Letters to the Editor

Teachers decide what is relevant to class

The other day in my Constitutional Law class I was asking the teacher a question when I rudely heard a student say, “Shut up.”. I was very upset by this childish display from a fellow student, who happened to be a student government member and proud fraternity member (this is an assumption, but he is always displaying his Greek letters). I will refrain from giving names because I don’t think it is a true reflection of Student Government or the fraternity, and, well, you are only getting my side.

I was not so rude as to respond there and then, but after class I asked him if he was talking to me when he indicated for me to shut up. He told me in no uncertain terms, “You have nothing substantial to contribute to the class.” I have never encountered this kind of arrogance before. I was livid! I told him some words that would surely be deleted by this newspaper and was left in disbelief. The class is 10 percent discussion and apparently he feels that he should decide what is relevant in class.

I now understand how people develop negative views about Student Government and fraternities on campus; not because of the organizations themselves, but because of the few idiots out there proudly displaying their letters, thinking of themselves as elite students and, in some cases, intimidating students who might not be as bold as myself.

I am sure Student Government members at least should follow some ethical guidelines about conducting themselves in public and interacting with students, because they were surely ready to impeach the popular president for his “unethical conduct!”

Aria Rowland is a senior majoring in political science.

Political power needs to go to the people

Our political system doesn’t work because it is a democratic republic and not a true democracy. Representatives are chosen on a “what fits best” approach (usually), meaning that if three issues are at stake and a person supports the view of one candidate on issues 1 and 2 and another candidate on issue 1, but supports neither candidate on issue 3, then the vote does not affect the third issue.

It is possible with today’s technology to hold regular elections where bills no longer have to go through the hands of representatives. The polls would be opened once a month and the voters would make the choices on important issues. Politicians would still exist for the purposes of handling relations, minor bills that would otherwise make the ballot a 6-hour chore, emergency procedures and — in my view the most important role — educate the public on current issues.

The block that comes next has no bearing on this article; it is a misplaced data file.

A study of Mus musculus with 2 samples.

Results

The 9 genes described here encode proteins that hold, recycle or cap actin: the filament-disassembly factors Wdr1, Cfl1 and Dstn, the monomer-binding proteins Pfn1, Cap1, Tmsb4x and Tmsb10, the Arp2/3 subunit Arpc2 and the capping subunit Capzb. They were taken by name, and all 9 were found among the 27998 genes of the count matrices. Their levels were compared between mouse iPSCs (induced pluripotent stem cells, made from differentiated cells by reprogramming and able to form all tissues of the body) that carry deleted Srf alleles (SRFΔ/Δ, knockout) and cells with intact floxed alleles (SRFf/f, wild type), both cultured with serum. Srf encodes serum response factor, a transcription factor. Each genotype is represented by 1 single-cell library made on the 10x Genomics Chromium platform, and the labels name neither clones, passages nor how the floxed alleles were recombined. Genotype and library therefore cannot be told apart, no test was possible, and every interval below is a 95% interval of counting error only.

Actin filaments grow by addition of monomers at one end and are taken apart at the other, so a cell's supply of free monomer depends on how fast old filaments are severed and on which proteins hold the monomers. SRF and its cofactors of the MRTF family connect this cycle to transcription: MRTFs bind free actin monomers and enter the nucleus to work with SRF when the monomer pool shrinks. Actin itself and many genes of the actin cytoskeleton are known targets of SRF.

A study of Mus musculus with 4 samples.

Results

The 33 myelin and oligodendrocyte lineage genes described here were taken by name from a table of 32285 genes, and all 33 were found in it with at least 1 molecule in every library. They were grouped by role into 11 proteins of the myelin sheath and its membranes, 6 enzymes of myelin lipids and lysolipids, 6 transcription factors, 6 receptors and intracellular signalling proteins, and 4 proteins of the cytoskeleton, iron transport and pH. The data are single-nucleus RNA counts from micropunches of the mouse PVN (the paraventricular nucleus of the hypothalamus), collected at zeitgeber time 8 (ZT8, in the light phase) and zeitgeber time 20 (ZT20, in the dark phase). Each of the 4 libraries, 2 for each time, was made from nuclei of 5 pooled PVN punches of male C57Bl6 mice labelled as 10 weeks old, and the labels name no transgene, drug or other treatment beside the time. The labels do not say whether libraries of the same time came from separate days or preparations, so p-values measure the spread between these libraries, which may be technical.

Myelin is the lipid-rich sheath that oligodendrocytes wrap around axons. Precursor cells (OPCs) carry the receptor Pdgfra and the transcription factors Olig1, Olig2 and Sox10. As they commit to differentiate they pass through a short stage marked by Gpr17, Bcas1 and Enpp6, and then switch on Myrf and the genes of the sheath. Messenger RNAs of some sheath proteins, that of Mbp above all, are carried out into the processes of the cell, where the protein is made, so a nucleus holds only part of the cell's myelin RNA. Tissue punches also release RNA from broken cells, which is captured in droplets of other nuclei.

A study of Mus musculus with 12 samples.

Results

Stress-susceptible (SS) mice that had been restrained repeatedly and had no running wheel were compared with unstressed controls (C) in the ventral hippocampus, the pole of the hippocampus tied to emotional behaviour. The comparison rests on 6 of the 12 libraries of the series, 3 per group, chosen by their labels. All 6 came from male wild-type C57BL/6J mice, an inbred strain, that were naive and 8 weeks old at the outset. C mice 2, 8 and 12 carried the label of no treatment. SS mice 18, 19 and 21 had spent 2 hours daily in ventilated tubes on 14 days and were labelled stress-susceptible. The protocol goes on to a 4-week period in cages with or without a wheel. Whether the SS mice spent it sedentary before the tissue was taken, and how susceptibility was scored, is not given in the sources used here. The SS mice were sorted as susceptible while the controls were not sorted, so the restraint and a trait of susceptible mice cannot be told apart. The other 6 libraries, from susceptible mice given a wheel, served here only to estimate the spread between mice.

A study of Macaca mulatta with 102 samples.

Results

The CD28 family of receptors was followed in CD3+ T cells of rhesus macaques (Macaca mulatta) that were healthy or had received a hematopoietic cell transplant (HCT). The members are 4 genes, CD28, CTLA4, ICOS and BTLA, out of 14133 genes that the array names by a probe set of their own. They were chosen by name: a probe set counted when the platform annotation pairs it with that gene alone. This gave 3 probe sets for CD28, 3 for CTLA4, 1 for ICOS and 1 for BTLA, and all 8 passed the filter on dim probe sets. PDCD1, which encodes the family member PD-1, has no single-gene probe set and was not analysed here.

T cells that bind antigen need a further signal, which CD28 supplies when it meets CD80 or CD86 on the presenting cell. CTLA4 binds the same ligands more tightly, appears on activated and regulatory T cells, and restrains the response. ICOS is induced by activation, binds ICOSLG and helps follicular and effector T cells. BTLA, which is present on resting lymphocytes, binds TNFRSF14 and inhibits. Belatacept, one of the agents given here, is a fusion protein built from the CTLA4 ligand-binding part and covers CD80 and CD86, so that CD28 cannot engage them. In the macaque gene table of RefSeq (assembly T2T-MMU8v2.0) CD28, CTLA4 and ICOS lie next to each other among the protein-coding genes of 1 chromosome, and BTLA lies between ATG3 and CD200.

As an added bonus, voters could be given the power to oust officials that aren’t doing their jobs or are lying to the public when they take their regular monthly visits to the polls. People would no longer need to tolerate politicians that say one thing during the campaign and do another in the office.

While California has demonstrated the power of impeachment, the context in which it was held was a bad one. Many Americans feel powerless when it comes to politics. They feel all they do is help pick the guy that makes the decisions; they don’t actually make the decisions themselves. This has bred apathy in many voters, and this apathy has led to a lighthearted view on the subject. If the people had real power, and the education to make informed decisions, we may see a renewed interest in politics and higher voter turnout.

Seeing Bush pass a stupid law won’t really convince many people to vote (especially since the only option is voting for the “other guy”), but seeing one’s neighbors pass a law will.

Jeff Sowers is a junior majoring in mechanical engineering.

School spirit helps USF teams win

USF is very privileged to have the opportunity to play football at Raymond James Stadium. There are green and gold signs up everywhere in support of the Bulls. The field even gets painted with the new school logo. The stadium is an awesome place to enjoy our football games. Another advantage USF has is its encouraging, loud, upbeat fans. The students, alumni and fans that come to the games really make a difference. The encouraging atmosphere screams victory. Some of the fans even paint their bodies in green and gold. At every home game, there is a group of students that each put a letter on their green stomachs that, when standing in a line, read “USF Bulls.” The fan participation at the games is growing, and the spirit of the Bulls is rising. The game I enjoyed most was against the Cardinals, the highlight of the night being the wave.

Beginning in the student section, the wave took off and made it all the way around the stadium. That was probably the first time in USF history that the wave had gone all the way around the stadium. I lost count, but I think it went around about nine times.

In order to win football games, the effort of our awesome football players is definitely required. But the excitement that the fans give off is contagious and spreads to every person in the stadium. As a freshman and Bulls cheerleader, I think a motivated crowd makes the difference in a game. The fans can help the team win the game.

Once the supportive and enthusiastic fans begin the stampede, the Bulls cannot be stopped. Students and fans, make sure you come to the Homecoming game on Friday and help pave the way for another Bulls victory.

Aubrey Phillips is a freshman majoring in psychology.